2012-11-6 | NEWSPAPER EDITION
The pet cat is this du ju (living alone) old woman's only companion at home in Shanghai.
Photo by CFP
CHINESE Singles' Day is coming up (November 11, 1111) and lots of activities involve dating. Wang Jie interviews five people living alone and hears four singular views on the single life.
When Tan Wenying divorced her husband at the age of 35, she didn't expect that she would be living alone for the next five decades.
"I have no children, it's difficult to describe what I have undergone these years," says the 85-year-old Shanghai native. "There is no one I can turn to, and everything depends on myself.
"The night especially gets longer when I think about spending my remaining days on a 2,000-yuan (US$320) monthly pension. Miserable days for a lonely elder!" she adds.
In Tan's day, there were not too many solo dwellers (du ju zhe ?à?ó??) in China, since traditional culture places a high value on big connected families, which dominate the fabric and customs of the country.
But after the nation adopted the opening-up policy in the early 1980s and since it has been increasingly exposed to Western culture, more and more people today are living alone, whether by choice or by circumstance.
According to market research firm Euromonitor International, the number of people living alone globally is skyrocketing, rising from about 153 million in 1996 to 277 million in 2011, a 55-percent increase in 15 years.
"My wife died two years ago, and now I live alone," says Xu Huaiyu, a retired professor in his 70s. "I have a son with his own family. He wants me to live with them, but I refuse. It's clear that the living habits and values of the young and the old are widely different. I don't want to get involved."
Xu says he has his own plan. "When I get older, I may go to a nursing home. Some of my friends suggested a new marriage, but I have seen too many family conflicts on TV shows. The relationship between stepchildren, my inheritance and savings, my apartment - it's all too complicated. I am now an old man, what I want is a peaceful life."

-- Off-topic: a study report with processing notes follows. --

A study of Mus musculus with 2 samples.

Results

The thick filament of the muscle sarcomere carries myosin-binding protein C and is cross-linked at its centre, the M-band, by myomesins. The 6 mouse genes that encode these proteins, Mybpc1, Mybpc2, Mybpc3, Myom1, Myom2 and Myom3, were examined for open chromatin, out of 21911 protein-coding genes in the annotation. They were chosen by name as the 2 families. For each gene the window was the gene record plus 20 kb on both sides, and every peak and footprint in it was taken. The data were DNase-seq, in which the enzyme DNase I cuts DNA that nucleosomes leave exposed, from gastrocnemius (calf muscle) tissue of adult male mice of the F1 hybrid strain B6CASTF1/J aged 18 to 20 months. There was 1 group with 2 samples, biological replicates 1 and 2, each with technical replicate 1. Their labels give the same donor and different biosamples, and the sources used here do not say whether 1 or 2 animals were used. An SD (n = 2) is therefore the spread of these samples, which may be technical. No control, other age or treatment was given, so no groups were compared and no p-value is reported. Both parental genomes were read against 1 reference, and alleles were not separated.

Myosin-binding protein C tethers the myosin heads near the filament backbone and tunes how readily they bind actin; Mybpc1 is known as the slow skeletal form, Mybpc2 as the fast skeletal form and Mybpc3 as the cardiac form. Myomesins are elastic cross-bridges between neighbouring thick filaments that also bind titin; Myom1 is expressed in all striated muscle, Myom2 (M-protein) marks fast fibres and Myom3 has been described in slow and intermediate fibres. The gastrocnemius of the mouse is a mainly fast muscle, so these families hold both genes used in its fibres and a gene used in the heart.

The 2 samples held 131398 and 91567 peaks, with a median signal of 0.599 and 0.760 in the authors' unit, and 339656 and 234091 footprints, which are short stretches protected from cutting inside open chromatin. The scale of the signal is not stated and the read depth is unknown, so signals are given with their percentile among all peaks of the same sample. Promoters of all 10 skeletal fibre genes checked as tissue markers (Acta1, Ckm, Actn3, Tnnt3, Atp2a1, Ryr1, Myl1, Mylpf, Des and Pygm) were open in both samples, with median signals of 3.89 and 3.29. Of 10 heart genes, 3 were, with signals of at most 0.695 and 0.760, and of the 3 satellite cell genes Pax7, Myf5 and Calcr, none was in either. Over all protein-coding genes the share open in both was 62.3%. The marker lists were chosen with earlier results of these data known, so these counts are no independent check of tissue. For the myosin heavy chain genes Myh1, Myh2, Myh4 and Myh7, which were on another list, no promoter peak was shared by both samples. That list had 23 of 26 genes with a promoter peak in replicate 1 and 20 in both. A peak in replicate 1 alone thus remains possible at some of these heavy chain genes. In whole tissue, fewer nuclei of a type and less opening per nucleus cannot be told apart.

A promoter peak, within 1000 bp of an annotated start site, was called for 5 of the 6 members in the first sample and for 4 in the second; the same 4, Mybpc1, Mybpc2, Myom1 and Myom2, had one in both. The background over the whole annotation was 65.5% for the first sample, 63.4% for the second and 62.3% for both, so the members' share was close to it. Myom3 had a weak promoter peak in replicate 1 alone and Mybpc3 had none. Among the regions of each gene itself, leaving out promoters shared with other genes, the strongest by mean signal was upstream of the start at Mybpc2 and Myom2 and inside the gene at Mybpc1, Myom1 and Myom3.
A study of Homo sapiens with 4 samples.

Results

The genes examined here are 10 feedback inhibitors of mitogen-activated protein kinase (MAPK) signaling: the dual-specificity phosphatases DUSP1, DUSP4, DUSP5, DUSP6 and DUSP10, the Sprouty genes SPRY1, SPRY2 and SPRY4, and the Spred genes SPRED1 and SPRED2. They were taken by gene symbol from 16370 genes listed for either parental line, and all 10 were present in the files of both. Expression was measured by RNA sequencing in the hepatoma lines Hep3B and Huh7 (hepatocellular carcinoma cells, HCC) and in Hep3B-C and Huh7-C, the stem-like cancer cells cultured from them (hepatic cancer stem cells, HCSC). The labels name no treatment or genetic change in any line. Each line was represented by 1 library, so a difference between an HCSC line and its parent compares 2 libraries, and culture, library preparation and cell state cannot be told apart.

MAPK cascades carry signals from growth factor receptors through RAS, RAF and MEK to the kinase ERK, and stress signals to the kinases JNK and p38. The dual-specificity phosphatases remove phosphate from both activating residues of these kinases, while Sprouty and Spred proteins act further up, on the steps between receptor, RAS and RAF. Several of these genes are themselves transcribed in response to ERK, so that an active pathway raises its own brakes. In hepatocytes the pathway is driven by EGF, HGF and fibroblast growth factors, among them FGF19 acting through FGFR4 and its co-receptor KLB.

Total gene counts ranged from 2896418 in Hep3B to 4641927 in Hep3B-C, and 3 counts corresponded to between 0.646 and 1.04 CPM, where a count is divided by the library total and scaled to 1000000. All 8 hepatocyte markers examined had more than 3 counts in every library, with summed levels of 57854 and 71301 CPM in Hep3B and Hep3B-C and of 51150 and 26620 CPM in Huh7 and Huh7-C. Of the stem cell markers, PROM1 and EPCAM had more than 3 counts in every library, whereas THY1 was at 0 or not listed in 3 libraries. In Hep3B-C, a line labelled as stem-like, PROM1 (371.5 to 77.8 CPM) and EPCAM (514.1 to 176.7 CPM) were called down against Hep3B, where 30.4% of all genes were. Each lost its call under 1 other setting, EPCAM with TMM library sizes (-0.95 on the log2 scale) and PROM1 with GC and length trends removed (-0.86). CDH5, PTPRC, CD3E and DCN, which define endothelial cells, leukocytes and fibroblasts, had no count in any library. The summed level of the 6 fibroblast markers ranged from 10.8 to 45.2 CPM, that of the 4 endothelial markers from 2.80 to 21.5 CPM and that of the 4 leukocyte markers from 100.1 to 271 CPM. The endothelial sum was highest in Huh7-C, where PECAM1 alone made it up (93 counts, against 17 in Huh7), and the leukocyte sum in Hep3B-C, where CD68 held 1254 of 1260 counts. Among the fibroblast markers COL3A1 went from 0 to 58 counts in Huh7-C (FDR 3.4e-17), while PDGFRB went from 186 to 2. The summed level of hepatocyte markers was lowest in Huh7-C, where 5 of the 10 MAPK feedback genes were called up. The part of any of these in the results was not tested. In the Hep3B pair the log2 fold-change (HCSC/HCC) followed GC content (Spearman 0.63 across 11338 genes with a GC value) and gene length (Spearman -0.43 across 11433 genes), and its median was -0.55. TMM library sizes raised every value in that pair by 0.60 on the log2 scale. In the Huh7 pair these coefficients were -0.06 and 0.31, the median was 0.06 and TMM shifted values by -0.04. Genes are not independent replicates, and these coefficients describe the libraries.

For many elderly people living alone, insecurity and an uncertain future are their biggest concern.
Although his son takes his granddaughter to visit him every Saturday, Xu still feels lonely most of the time. He misses his deceased wife. "But I have to adapt and I have a small dog that at least will make some noise."
He has hired an ayi to help with chores by the hour. "I have heard disturbing stories about nursing homes," he says, "so living alone like this is my only choice. After all, everyone has to die, of course, without a companion."
But Christine Liu, a 38-year-old HR manager for an international company, enjoys living alone.
"I am one of the so-called sheng nu or 'left-over ladies' - good looking, with good pay and good taste," she says. Six years ago, she bought herself a small apartment downtown to escape her smothering parents. She's busy in her spare time, taking tea break with friends, practicing Chinese painting, doing yoga, having spa treatments and traveling "whenever and wherever I like."
"Some of my friends with children envy me because I am a free person without any ties. If I said I never felt lonely, that would be a lie, and I do have some weak moments, but I get used to them and work it out," Liu says.
She appears younger and more fashionable than many of her peers. Her life mirrors the Chinese saying, "If one person is satiate/full/satisfied, the whole family is not hungry."
She spends a lot of time and money on herself to convince herself "that I still can live better than others."
Thomas Wu, a 38-year-old financial consultant at an auditing firm, is a so-called "diamond bachelor" meaning that he's a handsome single man with a decent job and a high salary.